Telepathy and Emotion in Alien Society

Part 4: Alien-to-Human Communication


When one asks abductees what they mean by “telepathic communication,” they generally say that they receive an impression in their mind, which automatically converts it into words for comprehension. Reports from people of different nationalities indicate that the abductees convert telepathic communication into whatever language they speak. Thus, and this is important in understanding the global nature of the phenomenon, the aliens circumvent the problem of having to communicate in the vast variety of human languages. When in rare instances an abductee reports that the telepathic communication he or she is receiving contains an “accent,” one can surmise that this has more to do with the abductee's expectations than with the reality of the situation.

One of the great problems encountered by abduction researchers is the way in which abductees recount alien telepathic communication. Not only can it be very difficult for abductees to remember exactly what has been “said,” but remembrance is also complicated immeasurably by the problem of the abductee deciding exactly where the communication originated. Many abductees routinely mistake their own thoughts for thoughts put in their mind by the aliens. The question is how does one distinguish between “hearing” impressions from the aliens, or “hearing” one's own thoughts? This problem, akin to “channeling,” has provided the rocks upon which many inexperienced abduction researchers have foundered. Mistaking human thought for alien communication, researchers have often developed poor and misleading data. Because of the human origination of this “communication,” channeled messages of societal concern and benevolence often make their way to the public and cause confusion among abductees and researchers alike.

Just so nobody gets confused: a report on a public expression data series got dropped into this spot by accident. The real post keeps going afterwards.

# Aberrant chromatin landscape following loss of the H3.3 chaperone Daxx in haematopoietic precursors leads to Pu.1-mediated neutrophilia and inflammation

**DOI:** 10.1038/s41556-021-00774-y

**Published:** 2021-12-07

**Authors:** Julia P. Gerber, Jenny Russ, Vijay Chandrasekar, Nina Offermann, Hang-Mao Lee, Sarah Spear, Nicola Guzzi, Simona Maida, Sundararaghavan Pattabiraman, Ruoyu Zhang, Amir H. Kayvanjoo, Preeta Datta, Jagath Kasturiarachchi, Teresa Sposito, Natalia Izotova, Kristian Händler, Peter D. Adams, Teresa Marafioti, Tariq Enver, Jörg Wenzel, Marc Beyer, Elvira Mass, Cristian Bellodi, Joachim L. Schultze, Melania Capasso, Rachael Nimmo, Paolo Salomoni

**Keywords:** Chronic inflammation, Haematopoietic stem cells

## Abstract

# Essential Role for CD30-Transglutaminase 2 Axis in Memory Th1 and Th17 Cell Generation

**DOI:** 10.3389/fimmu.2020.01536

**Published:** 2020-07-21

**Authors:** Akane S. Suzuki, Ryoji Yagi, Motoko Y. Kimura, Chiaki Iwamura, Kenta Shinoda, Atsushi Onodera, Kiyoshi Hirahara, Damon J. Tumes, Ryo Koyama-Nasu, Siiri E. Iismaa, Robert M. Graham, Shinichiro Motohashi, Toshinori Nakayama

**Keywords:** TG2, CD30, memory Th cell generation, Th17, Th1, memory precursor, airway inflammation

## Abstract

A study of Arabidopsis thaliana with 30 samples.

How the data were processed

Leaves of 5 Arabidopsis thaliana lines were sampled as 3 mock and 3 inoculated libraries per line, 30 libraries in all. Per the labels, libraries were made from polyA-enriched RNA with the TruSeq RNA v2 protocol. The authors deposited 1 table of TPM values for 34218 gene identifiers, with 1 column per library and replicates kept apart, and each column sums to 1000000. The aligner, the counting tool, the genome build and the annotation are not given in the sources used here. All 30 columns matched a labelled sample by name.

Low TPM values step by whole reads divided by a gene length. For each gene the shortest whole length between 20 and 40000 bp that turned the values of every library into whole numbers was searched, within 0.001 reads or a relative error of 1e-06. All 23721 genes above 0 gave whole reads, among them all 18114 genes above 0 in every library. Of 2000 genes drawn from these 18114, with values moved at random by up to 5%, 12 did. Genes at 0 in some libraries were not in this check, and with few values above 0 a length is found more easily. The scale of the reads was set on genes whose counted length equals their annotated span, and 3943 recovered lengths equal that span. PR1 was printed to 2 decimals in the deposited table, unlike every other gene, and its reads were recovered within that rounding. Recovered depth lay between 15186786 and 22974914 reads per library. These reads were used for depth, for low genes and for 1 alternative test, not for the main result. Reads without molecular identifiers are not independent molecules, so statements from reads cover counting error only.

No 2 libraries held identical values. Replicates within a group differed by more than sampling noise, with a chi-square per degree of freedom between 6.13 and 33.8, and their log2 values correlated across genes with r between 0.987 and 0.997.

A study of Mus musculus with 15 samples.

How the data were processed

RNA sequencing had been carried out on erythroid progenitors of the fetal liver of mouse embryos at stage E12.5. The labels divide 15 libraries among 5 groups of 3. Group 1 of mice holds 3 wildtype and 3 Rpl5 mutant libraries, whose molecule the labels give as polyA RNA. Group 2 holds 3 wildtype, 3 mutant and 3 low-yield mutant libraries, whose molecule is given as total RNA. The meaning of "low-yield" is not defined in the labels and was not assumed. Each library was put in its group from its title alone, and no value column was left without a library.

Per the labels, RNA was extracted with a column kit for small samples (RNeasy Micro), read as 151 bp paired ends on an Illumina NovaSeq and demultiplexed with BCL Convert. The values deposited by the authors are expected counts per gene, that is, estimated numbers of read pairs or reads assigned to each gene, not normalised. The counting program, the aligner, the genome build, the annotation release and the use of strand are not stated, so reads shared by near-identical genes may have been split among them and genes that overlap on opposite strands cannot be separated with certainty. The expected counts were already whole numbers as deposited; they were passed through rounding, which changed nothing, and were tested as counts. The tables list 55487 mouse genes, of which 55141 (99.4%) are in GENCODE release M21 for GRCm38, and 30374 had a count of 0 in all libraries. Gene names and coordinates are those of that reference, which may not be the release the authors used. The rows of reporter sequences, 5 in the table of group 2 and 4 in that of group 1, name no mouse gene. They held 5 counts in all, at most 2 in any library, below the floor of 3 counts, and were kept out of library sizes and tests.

Most of the time, abductees have no difficulty identifying and understanding alien communication although they often have problems describing that conversation accurately. Because of trouble converting the communication back to spoken or written language when remembering it, they generally add the phrases, “or something like that,” and, “or words to that effect,” to indicate that they cannot translate the telepathic dialogue with total exactness. Therefore, some imprecision, at least in recall, might be a somewhat constant feature of alien-to-human communication.

Although the aliens are generally not too forthcoming about their goals and purposes, in some instances conversations take place with abductees in which the aliens are more substantive and center on those issues. These conversations are infrequent, but when they occur they can give important insight into the abduction program as a whole. However, the majority of the aliens' conversations with abductees are either directive or palliative. They tell the abductee to remove his clothes, to get up on a table, to follow them, to get dressed, that it is time to go, and so forth. They tell the abductee they he will not be hurt, or that he will not be there very long, that everything is going to be all right, to calm down, and so forth.